November 2016

Woven in Vanni
November 2016

Biodegradable kitchen utensils

The ancient craft of Palmyrah weaving has given meaning and value to the lives of rural ladies

Words: Yomal Senerath-Yapa | Photography: Vishwathan Tharmakulasingham

We drove through the empty landscapes of the Vanni, where everything is baked clean by the sun. A mirage scintillated ahead of us; scrubby land was on our sides; all the other space was claimed by the blue sky.

The Vanni, has the fascination that comes from being a mysterious, land. For a long time, its history was a secret, just mere hints of its past are mentioned in ancient chronicles. Nonetheless, its promising present is overt. Today, Vanni is a land blossoming with opportunity.

In Mankulam a girl with a pottu, a Frangipani blossom tucked behind her ear, beckoned us coyly - an emblem in the middle of a green signboard. Behind her pretty face was sketched the silhouette of a Palmyrah tree. This seemed to us the very distillation of Vanni: its ingenuous charm symbolised by the girl and its hardiness by the Palmyrah tree. We decided to stop here to investigate.

The little enterprise behind the sign board has been set up by a group of ladies: a brave attempt to fend for themselves in this often treacherous land. Food sat very few and far between in their glass shelves, and we discovered that culinary arts have been deserted recently for another line of work, which now keeps them busy.

Palmyrah Leaves Are Supple Yet Robust And Are Ideal For Making Strong Baskets And Trays.

In Palmyrah weaving they have discovered a creative pastime that keeps traditions alive and a source of income. A bevy of handsome, chiselled Tamil ladies, adorned in sarees and heavy golden jewellery from mukkuttis to toe rings, gathered to initiate us patiently to their craft.

The process begins when broad strips of Palmyrah leaves are spread out to dry in the sun. Once they had been exposed to enough heat (which doesn't take long here) they will be split into thinner strips. They are then trimmed to the same size.

Red, yellow, blue; with a handful of dyes the ladies create an entire palette. These are used to add colour to the various patterns that they have learnt to weave.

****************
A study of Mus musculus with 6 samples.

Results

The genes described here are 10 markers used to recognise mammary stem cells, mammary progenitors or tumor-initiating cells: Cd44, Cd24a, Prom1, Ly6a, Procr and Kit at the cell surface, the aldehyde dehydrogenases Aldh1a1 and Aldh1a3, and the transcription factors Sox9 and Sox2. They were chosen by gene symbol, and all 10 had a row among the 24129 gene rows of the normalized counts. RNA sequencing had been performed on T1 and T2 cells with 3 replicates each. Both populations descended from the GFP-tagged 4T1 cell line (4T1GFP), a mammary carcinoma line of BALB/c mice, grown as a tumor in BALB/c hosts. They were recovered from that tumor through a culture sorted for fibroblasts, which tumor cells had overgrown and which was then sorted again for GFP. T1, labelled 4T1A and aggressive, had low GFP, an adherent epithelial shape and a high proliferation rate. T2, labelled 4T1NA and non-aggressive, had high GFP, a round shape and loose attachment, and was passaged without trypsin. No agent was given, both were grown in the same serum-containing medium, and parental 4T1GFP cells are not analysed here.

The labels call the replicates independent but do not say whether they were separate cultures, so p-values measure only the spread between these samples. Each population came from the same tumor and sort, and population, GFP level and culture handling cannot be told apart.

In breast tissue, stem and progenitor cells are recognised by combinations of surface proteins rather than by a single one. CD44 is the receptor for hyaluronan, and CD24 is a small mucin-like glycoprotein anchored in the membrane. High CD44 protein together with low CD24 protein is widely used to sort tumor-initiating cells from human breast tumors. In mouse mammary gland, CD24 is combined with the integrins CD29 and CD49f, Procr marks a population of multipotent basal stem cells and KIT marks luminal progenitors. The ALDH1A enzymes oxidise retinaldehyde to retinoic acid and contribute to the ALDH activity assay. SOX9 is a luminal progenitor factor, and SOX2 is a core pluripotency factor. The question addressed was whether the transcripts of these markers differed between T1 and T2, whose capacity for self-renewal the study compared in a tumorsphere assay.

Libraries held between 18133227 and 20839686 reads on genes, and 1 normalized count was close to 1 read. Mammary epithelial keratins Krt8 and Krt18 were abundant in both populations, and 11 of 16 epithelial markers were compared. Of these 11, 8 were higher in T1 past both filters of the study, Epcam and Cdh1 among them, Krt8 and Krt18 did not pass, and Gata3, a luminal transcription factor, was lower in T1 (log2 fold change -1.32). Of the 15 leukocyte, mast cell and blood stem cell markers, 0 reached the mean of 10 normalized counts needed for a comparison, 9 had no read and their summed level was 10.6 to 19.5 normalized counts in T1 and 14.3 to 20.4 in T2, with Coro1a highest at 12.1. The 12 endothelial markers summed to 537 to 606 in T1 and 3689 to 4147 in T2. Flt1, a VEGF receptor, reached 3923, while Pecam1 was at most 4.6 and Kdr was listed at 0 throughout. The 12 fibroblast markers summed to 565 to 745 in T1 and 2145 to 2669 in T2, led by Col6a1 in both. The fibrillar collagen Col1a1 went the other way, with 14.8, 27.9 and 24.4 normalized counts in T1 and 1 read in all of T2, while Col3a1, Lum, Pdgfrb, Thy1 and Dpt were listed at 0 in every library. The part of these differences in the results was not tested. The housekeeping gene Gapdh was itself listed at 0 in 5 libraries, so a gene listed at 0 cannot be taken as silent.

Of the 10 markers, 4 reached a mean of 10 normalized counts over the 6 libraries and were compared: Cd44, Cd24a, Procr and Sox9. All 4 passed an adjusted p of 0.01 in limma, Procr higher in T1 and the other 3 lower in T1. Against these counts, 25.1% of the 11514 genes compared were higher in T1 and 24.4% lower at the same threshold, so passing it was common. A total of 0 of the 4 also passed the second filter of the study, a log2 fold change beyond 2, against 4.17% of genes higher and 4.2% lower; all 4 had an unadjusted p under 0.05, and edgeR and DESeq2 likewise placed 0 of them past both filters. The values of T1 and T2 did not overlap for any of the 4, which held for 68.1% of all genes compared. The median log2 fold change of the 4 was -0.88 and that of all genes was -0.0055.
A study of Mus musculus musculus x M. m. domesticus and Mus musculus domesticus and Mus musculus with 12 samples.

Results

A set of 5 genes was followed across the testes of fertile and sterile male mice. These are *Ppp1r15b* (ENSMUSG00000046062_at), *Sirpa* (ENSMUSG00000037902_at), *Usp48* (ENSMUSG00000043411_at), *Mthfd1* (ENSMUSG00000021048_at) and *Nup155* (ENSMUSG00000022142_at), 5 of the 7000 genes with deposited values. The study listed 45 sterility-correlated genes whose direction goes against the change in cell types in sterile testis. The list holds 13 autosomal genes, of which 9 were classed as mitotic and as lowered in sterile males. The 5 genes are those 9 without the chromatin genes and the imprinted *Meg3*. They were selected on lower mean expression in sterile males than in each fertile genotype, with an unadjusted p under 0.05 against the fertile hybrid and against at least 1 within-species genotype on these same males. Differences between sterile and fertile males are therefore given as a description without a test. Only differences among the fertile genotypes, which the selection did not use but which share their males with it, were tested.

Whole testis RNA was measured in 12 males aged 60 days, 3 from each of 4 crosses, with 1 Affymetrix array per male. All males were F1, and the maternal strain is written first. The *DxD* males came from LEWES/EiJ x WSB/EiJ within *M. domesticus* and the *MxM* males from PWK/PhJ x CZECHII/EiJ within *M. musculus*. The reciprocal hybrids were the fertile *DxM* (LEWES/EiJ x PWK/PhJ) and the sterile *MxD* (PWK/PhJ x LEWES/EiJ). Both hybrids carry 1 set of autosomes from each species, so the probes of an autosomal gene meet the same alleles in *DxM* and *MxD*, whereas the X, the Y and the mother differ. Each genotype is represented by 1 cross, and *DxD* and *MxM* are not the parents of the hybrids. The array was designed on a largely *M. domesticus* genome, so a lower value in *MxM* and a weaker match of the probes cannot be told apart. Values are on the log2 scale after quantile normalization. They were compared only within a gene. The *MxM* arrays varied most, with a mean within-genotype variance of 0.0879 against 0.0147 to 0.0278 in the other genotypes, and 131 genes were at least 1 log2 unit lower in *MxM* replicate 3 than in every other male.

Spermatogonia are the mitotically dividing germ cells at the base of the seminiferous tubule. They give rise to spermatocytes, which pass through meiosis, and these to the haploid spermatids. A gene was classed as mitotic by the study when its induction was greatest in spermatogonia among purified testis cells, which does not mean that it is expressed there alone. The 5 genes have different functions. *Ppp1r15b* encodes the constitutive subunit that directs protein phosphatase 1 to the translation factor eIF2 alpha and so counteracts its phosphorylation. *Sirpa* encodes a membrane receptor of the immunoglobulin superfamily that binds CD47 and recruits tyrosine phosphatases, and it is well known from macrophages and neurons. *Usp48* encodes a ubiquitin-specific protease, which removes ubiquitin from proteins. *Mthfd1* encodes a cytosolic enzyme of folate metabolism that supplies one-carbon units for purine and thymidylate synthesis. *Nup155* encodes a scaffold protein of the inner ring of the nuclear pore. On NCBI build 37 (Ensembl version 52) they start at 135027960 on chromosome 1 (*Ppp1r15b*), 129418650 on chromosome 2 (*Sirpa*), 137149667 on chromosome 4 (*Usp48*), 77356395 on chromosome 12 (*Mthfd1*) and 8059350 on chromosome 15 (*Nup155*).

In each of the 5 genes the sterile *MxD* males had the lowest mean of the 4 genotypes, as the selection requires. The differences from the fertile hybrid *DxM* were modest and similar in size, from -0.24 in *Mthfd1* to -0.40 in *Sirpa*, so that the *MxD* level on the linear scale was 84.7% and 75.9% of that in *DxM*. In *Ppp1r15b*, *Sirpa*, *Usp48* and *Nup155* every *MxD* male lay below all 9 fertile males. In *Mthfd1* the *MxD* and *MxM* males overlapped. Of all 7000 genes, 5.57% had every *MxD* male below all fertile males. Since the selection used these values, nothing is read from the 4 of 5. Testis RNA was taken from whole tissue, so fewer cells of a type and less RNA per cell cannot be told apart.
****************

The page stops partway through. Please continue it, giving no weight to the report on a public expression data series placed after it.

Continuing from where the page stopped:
Next the strips are dyed. Water is set to boil in a saucepan and dye is added. Then a plump matron among the ladies would stuff a bundle of strips into the saucepan. Drowned in the bubbling hot water, the strips acquire some neon shade which is pretty to behold. But the real magic is how the colour sticks on adamantly when the strips are soaked in cold water soon after. As you would know if ever you owned a Palmyrah tote bag, the colour almost never scrubs off.

Then the weaving commences. Not only have you got to be an artist, but you should have marvellous patience. Many items materialise out of strips as the ladies gossip with one eye trained on their swift fingers. Hats, baskets, bags, garlands, fans, wall hangings, boxes; between themselves they manage to produce a good number of woven wonders each day.

The base of bags and baskets are weaved with thicker strips using the 'knot technique'.

As a traditional art Palmyrah weaving holds immense potential. The stylised designs that unfurl in their midst are charming and original, especially to the touristic eye. They are handy ethnic beauties of timeless appeal that will sit easy amidst any standard of elegance. They are also biodegradable, a definite edge in an age of grave environmental concerns.

The ladies of Vanni seemed to be weaving a bridge to connect their isolated land with the rest of the world.